Journey‘s Jonathan Cain has just published his memoir, aptly titled Don’t Stop Believin’. In the book, Cain discusses his spiritual beliefs, and shares the dramatic story of how, after a childhood tragedy, he worked for years to become a successful musician.
“This is a book that I wrote to inspire and to encourage anybody who had a dream, that I’m proof that it’s possible,” the 68-year-old Rock & Roll Hall of Famer tells ABC Radio.
As Cain explains in the book, when he was eight years old, the Catholic school he attended burned down, killing 92 of his classmates. Jonathan says that after the tragedy, his father encouraged him to embrace his budding musical talent.
“He said, ‘God saved you. You’re special. You’ve been set apart…And I think there’s greatness for you to achieve [in music],'” Jonathan recalls. “And all of a sudden I started thinking about, ‘I have a desire to make that come true.'”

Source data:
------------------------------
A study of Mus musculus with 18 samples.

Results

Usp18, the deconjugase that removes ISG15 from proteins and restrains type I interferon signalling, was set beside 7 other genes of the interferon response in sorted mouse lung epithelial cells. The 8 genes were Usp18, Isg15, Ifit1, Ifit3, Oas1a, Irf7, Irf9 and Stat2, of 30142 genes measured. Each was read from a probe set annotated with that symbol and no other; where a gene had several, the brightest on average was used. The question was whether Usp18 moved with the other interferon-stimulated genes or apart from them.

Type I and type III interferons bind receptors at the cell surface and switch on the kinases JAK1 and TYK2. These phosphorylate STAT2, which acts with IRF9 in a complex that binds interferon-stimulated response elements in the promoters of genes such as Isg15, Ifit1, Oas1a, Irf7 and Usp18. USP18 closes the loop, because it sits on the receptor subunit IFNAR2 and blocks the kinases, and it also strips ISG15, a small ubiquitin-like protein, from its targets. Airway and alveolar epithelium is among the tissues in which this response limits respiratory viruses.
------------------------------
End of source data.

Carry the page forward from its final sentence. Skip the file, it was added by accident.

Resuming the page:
Cain struggled for years to make it as a musician, and he remembers that at one low point during the late 1970s, a phone conversation his dad inspired him to persevere. It also gave him the title of the most famous song he’d ever have a hand in writing.
“He said, ‘John, don’t stop believing…You remember I prophesized over you after the fire?…Don’t stop believing,” Cain explains to ABC Radio. “I went, ‘O.K., dad.’ So I wrote this down in a manuscript book that I wrote my lyrics in.”
Not long after that, Cain was hired by The Babys, and then became Journey’s keyboardist in 1980. Upon joining Journey, Jonathan began writing songs with Steve Perry and Neal Schon, one of which was “Don’t Stop Believin’.”
For more on the book, visit JonathanCainMusic.com.